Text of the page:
Current Uses of Thermal Analysis Devices
One of the benefits of our space program (apart from TANG®) has been the development of Infrared Detector Technology (IR). Various thermal analysis cameras that can see from the near IR (around 800-1200 nm) to far IR (8-12 um) depending on their detector technologies have been a part of many public and not so public satellite programs that observe everything from crops, to images of your city, to Homeland Security-related stuff for decades.
The government has pumped money into IR sensor technology through various agencies and we all get to benefit as the results get to market. We can’t get our hands on the super-secret defense cameras yet, but there are some cool new things coming to Amazon real soon. Thermal analysis cameras will soon be available for purchase by consumers.
My Work With IR Cameras
I have worked on IR microscopy and thermal imaging systems and analysis for years in order to see into the workings of semiconductor devices. The systems I have worked on are complex combinations of high-accuracy motion systems, specialized optics such as Solid Immersion Lens (SIL) technology, and in the case of the most recent system, I architected a full wafer-level prober integrated with the diagnostic tool so that testing could be done at the wafer level.
Those interested in that system can see a paper I presented at the IEEE Semiconductor Wafer Test Workshop in 2012:
It turns out that silicon is largely transparent (depending on doping) to near IR wavelengths. This allows for some really interesting diagnostic opportunities. If you could see in the near infrared region and looked at the backside of a chip as it operates you would see what looks like a cityscape at night from space and depending on the magnification of the optics you could see all the way down to a single transistor blinking as it switches. Such transitions are visible because as a transistor switches it passes briefly through its linear region and emits a few photons of IR energy.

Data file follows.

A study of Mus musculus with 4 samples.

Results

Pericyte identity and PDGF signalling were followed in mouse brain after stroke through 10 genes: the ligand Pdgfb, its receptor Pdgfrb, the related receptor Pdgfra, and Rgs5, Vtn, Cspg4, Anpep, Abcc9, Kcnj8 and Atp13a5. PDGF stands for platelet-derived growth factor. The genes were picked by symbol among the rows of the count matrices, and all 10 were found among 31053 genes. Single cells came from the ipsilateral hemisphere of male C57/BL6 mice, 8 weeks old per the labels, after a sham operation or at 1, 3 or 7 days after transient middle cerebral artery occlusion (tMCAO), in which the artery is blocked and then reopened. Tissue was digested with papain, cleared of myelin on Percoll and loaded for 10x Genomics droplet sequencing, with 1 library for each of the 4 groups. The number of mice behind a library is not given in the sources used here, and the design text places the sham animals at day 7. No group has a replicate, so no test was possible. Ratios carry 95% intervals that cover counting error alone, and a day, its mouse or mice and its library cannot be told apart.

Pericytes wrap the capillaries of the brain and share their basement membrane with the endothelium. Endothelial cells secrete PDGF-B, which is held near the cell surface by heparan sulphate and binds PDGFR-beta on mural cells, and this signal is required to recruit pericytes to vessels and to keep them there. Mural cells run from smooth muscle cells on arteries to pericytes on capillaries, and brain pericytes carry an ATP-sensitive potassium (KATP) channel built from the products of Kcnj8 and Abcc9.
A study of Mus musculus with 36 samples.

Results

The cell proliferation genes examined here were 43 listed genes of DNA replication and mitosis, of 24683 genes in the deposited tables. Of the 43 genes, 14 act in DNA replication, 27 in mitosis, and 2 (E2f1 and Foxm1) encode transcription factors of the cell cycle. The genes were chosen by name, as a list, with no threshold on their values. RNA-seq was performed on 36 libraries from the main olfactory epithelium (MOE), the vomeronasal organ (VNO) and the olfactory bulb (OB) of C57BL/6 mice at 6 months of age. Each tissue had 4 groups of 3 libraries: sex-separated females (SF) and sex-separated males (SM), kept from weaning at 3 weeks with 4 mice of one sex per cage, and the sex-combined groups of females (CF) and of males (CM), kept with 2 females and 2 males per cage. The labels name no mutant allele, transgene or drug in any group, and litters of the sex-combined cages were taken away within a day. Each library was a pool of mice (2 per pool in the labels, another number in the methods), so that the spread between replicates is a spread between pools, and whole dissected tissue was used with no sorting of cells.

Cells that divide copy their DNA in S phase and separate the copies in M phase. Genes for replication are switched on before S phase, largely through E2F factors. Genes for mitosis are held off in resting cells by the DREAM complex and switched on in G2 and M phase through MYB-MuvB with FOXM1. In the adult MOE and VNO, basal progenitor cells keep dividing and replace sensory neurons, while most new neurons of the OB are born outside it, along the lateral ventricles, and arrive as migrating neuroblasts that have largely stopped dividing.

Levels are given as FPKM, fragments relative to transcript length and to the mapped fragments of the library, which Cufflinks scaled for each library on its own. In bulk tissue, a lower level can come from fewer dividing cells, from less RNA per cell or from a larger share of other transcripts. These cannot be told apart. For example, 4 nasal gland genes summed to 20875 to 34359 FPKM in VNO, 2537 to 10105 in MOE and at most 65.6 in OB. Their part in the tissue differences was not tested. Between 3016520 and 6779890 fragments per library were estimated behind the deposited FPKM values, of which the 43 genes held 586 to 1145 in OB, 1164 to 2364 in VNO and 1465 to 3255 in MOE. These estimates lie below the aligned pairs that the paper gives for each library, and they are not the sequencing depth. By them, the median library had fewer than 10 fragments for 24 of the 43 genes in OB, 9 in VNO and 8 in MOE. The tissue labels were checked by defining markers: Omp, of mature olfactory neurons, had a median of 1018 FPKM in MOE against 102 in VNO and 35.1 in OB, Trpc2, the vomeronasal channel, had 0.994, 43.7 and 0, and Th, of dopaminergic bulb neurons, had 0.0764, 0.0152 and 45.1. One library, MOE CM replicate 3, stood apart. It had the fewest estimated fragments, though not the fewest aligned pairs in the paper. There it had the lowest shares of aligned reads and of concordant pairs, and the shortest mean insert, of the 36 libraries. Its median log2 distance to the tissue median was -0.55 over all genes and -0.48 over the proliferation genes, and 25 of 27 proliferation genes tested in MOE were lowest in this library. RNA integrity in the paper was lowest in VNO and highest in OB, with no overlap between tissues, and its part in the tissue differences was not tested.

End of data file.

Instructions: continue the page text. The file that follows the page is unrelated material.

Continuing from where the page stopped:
Static, bright spots can be heat signatures from power dissipation like shorts or heavy current draws. Blinking spots result from the ON-OFF-ON transitions of flip-flops as each transistor slides briefly through its linear region on its way to a stable state. With the right magnification optics it is possible to zoom in on individual cells and look for logic faults, stuck-at faults and crosstalk effects that result from subtle design rule violations. If a system adds an IR laser, it can stimulate the circuitry and then changes in operating behavior can be seen. The world of semiconductor failure analysis (FA) owes a lot to these systems.
The heart of all these systems, from diagnosing bad ICs to seeing bad guys at night from space is the IR camera. They have always been very expensive (our system camera is in the 10’s of thousands of dollars) and in order to get decent S/N on the image they typically need to be cooled. The best such cameras have traditionally used liquid nitrogen to get the sensor down to around 70K. One of the big names in IR sensor camera technology in the U.S. is Raytheon.
IR Imaging Comes to Consumers
According to a recent journal publication from Raytheon http://www.raytheon.com/newsroom/technology_today/2014_i1/nextgen.html, new breeds of IR sensors that do not require cooling are becoming available. Although sensors from Raytheon have traditionally been produced in very expensive, and very low quantities, Raytheon has partnered with Freescale Semiconductor to make these devices in mass quantities.
This means that the consumer can have a useful, lowcost thermal imaging camera system. Just this week, Seek Thermal http://www.obtainthermal.com, a Santa Barbara-based startup made a $199 IR Camera/Sensor accessory for smartphones available for purchase. Their website illustrates some intriguing applications for the camera in a consumer environment.
Specialized, high cost IR camera systems will continue to have a place in industry. When you need to see individual photons and resolve spots down to the sub-micron level, only the most cutting edge camera will do. For those of us in the industrial world, we can complete the circle by thinking of things to do with a really low cost IR camera in the factory. For the price of one so-called industrial camera you can perhaps network 20 or so cheap ones and get better results. Personally, I have a few ideas that I plan to pursue. Stay tuned.